HAYWARD (CBS SF) -- Undocumented workers from Mexico, allegedly held against their will and forced to work for a Hayward construction firm, have been rescued in an early morning raid by federal agents.
Federal agents and Hayward police raided the construction business on Dunn Road near Clawiter at 5:00 a.m. Tuesday morning.
Sources told KPIX 5 it was a rescue operation to free undocumented immigrants from a smuggling and forced labor scheme.
Police say at least a dozen people were removed from squalid conditions where there was no running water. They were taken away in vans to what police called a shelter.
Neighbors say they would see the workers coming and going at all hours.
"It seemed like they were in construction, wearing orange jackets and all that," said neighbor Jeremy Vega. "They were brought in on Hondas and so you would think, 'Ok, they just got off work.'"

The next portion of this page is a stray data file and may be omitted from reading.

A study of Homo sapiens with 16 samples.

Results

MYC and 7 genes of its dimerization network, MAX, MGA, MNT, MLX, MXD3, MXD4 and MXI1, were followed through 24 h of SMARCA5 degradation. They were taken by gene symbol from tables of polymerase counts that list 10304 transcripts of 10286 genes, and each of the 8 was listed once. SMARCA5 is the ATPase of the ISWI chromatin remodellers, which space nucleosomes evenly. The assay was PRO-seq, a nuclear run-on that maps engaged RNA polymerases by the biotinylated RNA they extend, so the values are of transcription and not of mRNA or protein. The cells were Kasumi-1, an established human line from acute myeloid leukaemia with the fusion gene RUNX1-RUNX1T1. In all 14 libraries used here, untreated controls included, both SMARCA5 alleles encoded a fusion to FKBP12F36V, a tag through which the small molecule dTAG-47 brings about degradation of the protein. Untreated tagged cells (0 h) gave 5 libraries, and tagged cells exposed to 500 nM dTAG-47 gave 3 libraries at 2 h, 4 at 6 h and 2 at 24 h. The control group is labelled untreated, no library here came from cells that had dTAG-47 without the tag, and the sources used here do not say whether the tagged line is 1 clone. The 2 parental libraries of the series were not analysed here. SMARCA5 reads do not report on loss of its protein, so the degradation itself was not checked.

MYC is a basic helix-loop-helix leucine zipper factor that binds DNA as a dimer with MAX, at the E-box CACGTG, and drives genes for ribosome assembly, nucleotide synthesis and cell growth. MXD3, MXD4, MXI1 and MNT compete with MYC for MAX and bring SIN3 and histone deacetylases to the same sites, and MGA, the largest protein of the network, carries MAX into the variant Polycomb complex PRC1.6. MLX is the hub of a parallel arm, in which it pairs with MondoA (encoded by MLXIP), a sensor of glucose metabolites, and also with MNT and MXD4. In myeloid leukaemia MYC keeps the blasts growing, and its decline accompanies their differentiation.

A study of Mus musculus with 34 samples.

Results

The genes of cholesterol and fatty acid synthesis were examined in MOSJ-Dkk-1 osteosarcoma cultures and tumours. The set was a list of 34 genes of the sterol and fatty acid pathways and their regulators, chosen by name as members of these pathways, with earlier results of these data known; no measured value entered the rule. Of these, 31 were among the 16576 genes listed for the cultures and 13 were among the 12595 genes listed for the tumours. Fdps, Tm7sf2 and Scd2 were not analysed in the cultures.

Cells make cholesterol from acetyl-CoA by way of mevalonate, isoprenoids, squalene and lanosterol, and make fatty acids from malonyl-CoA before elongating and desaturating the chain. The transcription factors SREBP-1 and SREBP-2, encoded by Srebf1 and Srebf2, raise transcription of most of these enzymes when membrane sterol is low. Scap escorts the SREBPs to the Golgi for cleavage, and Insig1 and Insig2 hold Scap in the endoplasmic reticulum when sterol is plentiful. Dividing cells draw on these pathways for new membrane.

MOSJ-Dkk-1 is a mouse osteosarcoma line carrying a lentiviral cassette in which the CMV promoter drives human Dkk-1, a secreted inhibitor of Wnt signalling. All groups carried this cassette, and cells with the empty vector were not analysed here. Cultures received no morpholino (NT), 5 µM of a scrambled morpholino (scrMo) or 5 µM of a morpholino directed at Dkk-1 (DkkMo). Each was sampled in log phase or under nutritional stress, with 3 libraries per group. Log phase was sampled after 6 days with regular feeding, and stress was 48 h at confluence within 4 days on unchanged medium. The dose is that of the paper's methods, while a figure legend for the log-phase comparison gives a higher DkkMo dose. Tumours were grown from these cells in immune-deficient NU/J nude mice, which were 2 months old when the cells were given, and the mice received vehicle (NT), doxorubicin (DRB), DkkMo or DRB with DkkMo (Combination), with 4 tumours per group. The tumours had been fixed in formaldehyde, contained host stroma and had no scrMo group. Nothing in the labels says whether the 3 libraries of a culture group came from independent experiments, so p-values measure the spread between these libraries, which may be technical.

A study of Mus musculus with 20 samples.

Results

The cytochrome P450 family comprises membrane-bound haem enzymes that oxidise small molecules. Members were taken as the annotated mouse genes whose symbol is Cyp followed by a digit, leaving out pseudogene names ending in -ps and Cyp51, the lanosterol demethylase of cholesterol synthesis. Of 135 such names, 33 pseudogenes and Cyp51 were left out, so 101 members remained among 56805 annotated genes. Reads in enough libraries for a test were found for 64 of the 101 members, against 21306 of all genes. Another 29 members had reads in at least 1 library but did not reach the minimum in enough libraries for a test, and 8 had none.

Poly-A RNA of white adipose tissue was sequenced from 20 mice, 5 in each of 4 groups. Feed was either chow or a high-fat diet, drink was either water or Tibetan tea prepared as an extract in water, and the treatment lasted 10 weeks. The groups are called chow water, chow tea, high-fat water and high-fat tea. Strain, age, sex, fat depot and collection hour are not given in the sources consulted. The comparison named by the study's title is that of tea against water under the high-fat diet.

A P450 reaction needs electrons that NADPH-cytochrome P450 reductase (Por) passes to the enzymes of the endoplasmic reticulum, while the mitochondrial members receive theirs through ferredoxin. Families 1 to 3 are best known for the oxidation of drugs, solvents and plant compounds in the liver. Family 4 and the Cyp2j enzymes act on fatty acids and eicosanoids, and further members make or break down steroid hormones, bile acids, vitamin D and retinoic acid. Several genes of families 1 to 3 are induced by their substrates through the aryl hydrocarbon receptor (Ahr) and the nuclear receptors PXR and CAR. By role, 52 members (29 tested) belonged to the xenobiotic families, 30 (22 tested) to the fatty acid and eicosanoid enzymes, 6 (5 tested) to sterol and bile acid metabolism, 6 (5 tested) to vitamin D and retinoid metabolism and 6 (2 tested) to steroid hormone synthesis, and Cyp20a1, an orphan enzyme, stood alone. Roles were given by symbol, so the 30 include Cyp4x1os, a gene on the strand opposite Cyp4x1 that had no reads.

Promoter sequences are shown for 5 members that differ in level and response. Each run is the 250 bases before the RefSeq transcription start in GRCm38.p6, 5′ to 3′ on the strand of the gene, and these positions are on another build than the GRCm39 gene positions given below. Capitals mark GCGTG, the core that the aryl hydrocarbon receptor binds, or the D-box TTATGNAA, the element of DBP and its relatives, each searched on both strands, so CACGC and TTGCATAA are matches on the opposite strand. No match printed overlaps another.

Sources said the workers -- all males -- were kept in two back warehouses which were locked at night from the outside so they were not free to leave. In the morning, they would be loaded up into a van or truck and taken to construction sites where they would work all day for little or no pay.
The owner of the construction company, Job Torres Hernandez, ran several businesses including one called Foam Legends.
He was arrested and charged with alien smuggling, transportation, and concealing or harboring aliens.
Prosecutors say he smuggled the workers in from Mexico to work exclusively for him, and used coercion tactics to keep them on the job, such as threatening to harm them or their families back home if they complained.
One neighbor who did not want to go on camera couldn't believe this was happening across the street. "I come working here every day and never did I see something strange."
The workers will likely get special visas to remain in the U.S. and be called as witnesses against their former boss, sources told KPIX.
Torres Hernandez made an initial appearance in Oakland federal court Tuesday and was scheduled for another hearing Wednesday morning. If convicted, he faces up to 10 years in prison and up to a $250,000 fine.